USDA’s Grain Inspection, Packers and Stockyards Administration once again postpones implementation of its controversial rule.
In an announcement that drew cheers from some quarters of the beef business and consternation from others, the Grain Inspection, Packers and Stockyards Administration (GIPSA) is delaying the effective date of its interim Farmer Fair Practices final rule an additional six months to Oct. 19, 2017, to allow additional comments and giving the new Ag Secretary time to consider the rule.
During a new 60-day comment period, the public will weigh in on whether USDA should (1) let the rule become effective, (2) suspend the rule indefinitely, (3) delay the effective date of the rule further, or (4) withdraw the rule.
“This is another step toward common sense and away from counterproductive government intrusion in the free market,” said NCBA President Craig Uden. “That said, while a delay is welcome, ultimately this rule should be killed and American cattle producers should be free to market our beef without the threat of government-sanctioned frivolous lawsuits.”
Two proposed rules and one interim final rule came out on December 20, 2016, one month before the end of the Obama Administration. The interim final rule regarding the scope of the Packers and Stockyards Act and the proposed rule regarding undue preference and unjust treatment have a direct negative impact on the cattle industry, Uden said.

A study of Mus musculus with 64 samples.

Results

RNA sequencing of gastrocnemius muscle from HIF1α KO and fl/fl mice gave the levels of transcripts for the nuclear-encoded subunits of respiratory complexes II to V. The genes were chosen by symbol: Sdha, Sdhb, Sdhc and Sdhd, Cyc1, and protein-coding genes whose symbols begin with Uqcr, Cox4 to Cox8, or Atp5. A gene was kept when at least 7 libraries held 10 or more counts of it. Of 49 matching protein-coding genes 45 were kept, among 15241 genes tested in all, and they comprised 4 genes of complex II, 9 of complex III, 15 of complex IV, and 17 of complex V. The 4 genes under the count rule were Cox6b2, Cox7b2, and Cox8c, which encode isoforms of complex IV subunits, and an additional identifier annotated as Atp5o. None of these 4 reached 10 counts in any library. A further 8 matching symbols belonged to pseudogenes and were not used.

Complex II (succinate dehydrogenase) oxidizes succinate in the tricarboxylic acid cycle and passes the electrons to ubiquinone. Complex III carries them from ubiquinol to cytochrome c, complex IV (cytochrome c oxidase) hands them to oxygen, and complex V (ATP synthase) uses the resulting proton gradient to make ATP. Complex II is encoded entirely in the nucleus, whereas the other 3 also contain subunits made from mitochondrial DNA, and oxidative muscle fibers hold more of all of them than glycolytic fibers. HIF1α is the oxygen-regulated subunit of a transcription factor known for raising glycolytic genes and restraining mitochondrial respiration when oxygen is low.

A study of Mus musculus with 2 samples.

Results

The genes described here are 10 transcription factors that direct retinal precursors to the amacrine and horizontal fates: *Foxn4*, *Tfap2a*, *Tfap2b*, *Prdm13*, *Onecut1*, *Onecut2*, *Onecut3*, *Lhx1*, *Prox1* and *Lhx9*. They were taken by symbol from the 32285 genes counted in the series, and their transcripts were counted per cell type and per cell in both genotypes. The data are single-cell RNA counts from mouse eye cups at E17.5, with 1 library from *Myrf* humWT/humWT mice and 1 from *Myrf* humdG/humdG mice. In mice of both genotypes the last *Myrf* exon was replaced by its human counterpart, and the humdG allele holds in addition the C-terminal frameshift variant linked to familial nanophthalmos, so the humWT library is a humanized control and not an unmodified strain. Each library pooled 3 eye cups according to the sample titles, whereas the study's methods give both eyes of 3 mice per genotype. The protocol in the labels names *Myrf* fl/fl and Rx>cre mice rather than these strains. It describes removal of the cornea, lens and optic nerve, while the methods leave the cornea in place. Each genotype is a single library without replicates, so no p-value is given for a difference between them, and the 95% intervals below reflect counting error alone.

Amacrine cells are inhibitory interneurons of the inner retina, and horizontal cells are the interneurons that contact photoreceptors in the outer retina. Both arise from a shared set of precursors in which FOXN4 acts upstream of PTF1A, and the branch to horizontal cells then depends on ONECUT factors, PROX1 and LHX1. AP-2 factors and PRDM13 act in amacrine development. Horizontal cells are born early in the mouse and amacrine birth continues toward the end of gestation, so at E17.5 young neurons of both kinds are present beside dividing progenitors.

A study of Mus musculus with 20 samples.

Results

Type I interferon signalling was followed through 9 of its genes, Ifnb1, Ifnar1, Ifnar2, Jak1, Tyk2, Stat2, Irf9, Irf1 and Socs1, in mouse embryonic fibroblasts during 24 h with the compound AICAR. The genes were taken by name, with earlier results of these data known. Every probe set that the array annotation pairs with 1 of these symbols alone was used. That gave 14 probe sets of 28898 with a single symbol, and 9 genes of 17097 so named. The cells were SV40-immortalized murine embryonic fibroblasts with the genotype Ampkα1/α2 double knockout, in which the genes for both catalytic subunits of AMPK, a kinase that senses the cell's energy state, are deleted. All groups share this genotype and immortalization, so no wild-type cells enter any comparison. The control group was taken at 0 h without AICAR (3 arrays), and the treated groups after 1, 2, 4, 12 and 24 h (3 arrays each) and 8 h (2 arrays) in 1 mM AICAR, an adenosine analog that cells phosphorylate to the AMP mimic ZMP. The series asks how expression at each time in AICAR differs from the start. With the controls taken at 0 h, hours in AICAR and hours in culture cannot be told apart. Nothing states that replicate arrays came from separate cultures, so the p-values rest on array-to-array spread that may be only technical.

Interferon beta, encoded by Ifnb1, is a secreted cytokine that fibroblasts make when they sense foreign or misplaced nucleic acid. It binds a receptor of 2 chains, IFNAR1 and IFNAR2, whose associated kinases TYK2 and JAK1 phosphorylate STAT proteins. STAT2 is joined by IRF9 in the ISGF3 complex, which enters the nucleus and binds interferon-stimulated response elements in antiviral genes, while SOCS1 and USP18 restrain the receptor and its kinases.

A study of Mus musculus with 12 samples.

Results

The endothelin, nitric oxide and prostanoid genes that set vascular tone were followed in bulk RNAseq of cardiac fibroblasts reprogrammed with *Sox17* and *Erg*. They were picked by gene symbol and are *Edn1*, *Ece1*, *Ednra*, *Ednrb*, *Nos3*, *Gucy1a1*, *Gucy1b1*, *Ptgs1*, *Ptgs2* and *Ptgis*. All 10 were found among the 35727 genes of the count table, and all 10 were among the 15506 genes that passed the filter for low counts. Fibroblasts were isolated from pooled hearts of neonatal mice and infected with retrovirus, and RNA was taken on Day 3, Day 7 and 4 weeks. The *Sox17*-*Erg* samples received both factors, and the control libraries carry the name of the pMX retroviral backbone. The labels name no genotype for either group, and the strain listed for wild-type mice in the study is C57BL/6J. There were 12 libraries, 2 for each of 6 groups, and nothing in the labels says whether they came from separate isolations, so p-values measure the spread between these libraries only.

On the other hand, Mike Weaver, President of the Organization for Competitive Markets, offered the following statement:
“USDA needs to stop playing games at the expense of the American family farmer. This will be the third time USDA has asked for comments on this rule. Every time family farmers comment in favor of the rule, USDA delays and opens a new comment period. It’s obvious USDA has a deaf ear to America’s family farmers. We call on America’s consumers to join family farmers in demanding USDA finally enact this rule.”
Under the interim final rule, USDA or a producer no longer needs to prove true economic harm. Instead, one only needs to say that he or she was treated “unfairly” to file a lawsuit. That, Uden said, could discourage cattlemen from continuing to invest in improving the quality of beef being produced.
“Trial lawyers are salivating at the prospect of this rule becoming the law of the land,” Uden said. “If this rule isn’t killed once and for all, cattle producers will lose nearly all incentive to invest in the production of higher-quality beef. That would mean less revenue for producers and lower quality for consumers. That’s a lose-lose proposition and exactly why the rule needs to not only be delayed – it needs to be killed outright.”